You've probably heard of MacArthur genius grants, and maybe wondered if you could get your hands on one of those. You're smart, right? So what does it take to get one of these grants?
For one thing, these aren't something you apply for — the MacArthur Foundation finds you. Second, the foundation doesn't actually call them "genius" grants. They're officially called "MacArthur Fellowships." But one look at the recipients and, yup, we're talking geniuses.
On September 22, 2016, the Foundation announced their 2016 Fellows. There are 23 of them, and the brilliance they embody is pretty stunning. Each has received a grant of $625,000 with no strings attached for how they spend it. It's clear they'll all make good use of the money, though.
What Genius Looks Like
One this year's Fellows is Stanford's Manu Prakash, and his MacArthur video shows off the kind of free-ranging creativity that characterizes a true genius. Prakash is physical biologist and inventor, and the open-endedness of the title “physical biologist" gives you a clue as to the breadth of this man's interests. His MacArthur biography is pretty breathtaking in scope.
Prakash likens his work to solving puzzles and obviously has a great time solving them. Here are three of his "puzzles" noted in the MacArthur video.
A Liquid Computer
As a result of his interest in exploring information process using soft materials, Prakash’s team has developed a "microfluidic" computing device in which information travels through circuits as water droplets. After working out the principles his team can build a functioning microfluidic version of every working part in a computer.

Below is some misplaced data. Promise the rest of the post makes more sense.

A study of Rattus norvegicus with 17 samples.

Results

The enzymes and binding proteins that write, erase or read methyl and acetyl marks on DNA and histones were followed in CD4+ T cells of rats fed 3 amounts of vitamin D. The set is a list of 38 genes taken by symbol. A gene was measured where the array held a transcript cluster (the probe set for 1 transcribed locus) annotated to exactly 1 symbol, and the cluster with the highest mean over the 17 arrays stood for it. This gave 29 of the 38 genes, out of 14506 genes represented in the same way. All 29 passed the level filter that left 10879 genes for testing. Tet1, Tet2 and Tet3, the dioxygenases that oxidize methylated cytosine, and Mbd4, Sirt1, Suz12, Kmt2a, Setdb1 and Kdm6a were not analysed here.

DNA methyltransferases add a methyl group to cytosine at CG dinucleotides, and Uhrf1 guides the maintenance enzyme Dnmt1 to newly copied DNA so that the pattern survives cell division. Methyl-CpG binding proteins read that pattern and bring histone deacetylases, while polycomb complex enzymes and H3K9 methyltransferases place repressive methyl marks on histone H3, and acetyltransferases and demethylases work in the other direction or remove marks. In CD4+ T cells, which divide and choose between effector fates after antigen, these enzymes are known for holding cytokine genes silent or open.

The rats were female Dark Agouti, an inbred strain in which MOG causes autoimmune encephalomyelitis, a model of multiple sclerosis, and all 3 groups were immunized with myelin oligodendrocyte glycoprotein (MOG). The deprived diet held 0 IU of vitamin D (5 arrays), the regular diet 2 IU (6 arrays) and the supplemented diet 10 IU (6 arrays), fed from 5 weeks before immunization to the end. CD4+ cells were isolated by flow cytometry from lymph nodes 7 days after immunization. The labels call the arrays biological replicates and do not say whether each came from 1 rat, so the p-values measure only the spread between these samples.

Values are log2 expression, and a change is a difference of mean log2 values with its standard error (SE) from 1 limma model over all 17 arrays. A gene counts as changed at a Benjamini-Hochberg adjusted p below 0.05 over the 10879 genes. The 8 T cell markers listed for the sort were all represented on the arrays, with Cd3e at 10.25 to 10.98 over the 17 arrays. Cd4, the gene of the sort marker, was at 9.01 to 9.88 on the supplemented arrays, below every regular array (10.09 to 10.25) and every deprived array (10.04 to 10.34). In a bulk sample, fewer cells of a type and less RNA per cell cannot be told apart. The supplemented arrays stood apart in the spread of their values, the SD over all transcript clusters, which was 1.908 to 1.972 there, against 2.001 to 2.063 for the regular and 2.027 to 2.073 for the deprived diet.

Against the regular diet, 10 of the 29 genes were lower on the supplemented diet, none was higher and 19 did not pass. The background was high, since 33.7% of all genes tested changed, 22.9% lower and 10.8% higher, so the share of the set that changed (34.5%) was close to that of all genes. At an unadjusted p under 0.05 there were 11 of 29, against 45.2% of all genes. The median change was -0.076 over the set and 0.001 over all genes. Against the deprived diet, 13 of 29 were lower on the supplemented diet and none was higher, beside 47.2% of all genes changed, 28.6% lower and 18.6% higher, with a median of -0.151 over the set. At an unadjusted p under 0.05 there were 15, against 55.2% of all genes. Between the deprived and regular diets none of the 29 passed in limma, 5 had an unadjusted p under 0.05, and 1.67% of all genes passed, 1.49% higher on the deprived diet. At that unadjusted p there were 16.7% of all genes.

Prakash is fascinated by the diversity of life forms on earth and by the myriad physical systems nature presents us. He's fascinated by "chemotaxis," in which highly complex behaviors are produced by the interaction between the simplest of objects. Droplets of over-the-counter food coloring offer an eye-popping demonstration of what happens to materials in a state of non-equilibrium, much like the early simple molecules that came together to begin life on earth.
An Ultra-Low-Cost Microscope for Everyone
As part of his desire to share his delight in discovery with everyone, this Indian-born inventor has developed the Foldscope, a origami microscope with which even the poorest Indian child can unlock the mysteries of the tiny. It’s a paper microscope that costs less than $1 to produce. It comes in a packet with everything a child needs, and it’s simple to put together. It’s really amazing. Prakash’s team has shipped 50,000 of them so far, and they hope to make that number one million in the next year. Once in the hands of a child, it’s up to the young scientists to go exploring. Kids can upload images to the Foldscope web site showing what they’ve found.
It’s hard to argue with awarding a Fellowship to someone like Prakash or the rest of 2016 MacArthur Fellows. This is one impressive lineup of smart human beings. They give us all something to aspire to, and encouragement to follow our own intellectual curiosities wherever they want to lead us.